The Pediatric Center for Precision Oncology
Aiming to discover the genetic make-up of each child’s tumor
Pediatric cancer researchers have recently discovered that each child’s tumor is unique; the tumors do not have the same genetic mutations and sequences. Based upon these recent discoveries, researchers at the Center for Precision Oncology aim to ultimately discover the genetic make-up of each child’s tumor.
Improving treatment outcomes by identifying gene mutations that cause tumors
Our goal is to improve the treatment of children with cancer by identifying the specific genetic mutations responsible for their tumors. The center will use state-of-the-art genomic sequencing technologies to comprehensively analyze tumor samples from patients at Texas Children's Cancer Center. Doctors and researchers at the center hope to sequence all new pediatric cancers in the state – cancers affecting 1,000 children each year – in collaboration with investigators at other academic institutions in Texas.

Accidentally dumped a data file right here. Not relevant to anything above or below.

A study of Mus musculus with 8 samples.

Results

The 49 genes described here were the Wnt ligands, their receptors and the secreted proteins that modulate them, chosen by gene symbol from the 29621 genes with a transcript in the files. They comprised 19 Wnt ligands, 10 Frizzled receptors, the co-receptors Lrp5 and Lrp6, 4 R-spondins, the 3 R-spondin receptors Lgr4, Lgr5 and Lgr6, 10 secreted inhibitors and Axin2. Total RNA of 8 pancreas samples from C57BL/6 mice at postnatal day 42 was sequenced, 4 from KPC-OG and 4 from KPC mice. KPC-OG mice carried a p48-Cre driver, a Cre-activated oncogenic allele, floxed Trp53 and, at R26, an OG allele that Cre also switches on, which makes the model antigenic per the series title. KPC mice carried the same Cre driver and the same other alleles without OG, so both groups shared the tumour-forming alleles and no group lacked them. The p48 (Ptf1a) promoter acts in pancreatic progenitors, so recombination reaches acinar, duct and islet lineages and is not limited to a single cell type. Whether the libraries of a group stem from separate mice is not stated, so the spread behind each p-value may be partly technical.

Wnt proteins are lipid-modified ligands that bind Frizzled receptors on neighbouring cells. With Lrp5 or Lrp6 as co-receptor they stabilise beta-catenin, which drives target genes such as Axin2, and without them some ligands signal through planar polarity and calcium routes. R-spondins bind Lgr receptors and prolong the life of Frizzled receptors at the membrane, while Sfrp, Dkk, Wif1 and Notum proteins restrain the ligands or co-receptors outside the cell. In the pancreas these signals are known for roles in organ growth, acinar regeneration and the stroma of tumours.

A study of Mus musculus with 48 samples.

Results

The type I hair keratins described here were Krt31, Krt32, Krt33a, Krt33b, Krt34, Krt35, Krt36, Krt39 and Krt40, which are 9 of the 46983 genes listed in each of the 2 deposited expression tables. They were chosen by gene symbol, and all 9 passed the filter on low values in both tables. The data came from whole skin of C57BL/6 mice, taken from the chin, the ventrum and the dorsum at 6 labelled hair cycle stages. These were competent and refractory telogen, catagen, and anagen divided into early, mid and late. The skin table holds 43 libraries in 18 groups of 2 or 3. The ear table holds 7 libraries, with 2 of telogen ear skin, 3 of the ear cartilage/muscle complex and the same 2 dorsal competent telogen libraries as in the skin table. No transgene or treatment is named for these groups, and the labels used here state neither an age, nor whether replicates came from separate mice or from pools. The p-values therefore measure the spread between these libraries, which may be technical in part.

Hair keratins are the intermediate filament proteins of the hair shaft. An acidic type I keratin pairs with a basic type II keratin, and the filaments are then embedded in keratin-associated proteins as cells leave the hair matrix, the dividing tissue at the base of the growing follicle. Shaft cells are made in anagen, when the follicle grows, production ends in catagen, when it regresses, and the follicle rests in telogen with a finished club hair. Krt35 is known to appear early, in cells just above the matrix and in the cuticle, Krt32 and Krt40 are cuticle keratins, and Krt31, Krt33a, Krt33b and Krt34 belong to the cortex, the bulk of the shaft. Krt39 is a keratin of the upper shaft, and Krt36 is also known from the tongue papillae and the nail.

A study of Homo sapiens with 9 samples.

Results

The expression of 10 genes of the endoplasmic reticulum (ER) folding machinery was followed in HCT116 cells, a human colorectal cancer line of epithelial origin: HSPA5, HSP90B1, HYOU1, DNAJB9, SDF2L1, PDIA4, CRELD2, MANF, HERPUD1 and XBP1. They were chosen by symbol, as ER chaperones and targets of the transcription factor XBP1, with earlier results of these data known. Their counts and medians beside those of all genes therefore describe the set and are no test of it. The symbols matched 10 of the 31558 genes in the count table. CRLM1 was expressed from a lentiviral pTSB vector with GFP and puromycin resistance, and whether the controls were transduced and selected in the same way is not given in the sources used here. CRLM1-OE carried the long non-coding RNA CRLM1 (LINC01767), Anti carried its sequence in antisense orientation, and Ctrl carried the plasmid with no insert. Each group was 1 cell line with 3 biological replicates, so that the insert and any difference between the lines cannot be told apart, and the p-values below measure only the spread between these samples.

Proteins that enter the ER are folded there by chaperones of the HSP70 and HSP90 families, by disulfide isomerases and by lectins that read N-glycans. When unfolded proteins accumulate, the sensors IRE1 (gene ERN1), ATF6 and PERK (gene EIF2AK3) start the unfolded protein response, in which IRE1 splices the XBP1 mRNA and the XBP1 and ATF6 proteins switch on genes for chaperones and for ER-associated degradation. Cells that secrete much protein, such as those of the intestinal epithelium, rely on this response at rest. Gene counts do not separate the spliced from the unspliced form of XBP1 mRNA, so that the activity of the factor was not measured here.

A partnership with the Human Genome Sequencing Center
The partnership between Texas Children's Cancer Center and the Human Genome Sequencing Center will facilitate groundbreaking studies of the genetics of pediatric cancers by engaging clinical and scientific resources. As a part of Baylor College of Medicine, one of the top medical schools in the country, the center will benefit from existing resources, which will allow it to build upon a foundation of knowledge regarding tumor sequencing. In addition, the center will coordinate with the Texas Cancer Research Biobank, which recently received over $7 million in funding from the Cancer Prevention and Research Institute of Texas (CPRIT). The center is currently focusing on three core projects:
The Pediatric Cancer Sequencing Project. Sequencing of tumor and blood samples from children with cancer to provide an unprecedented view of the genetic landscape of pediatric cancers.
Functional genomics. Analyzing the effects of mutations on tumor biology and developing tumor models that may be used to test new therapies.
Clinical cancer genomics and therapeutics. Incorporating genomic information into the routine clinical care of children with cancer.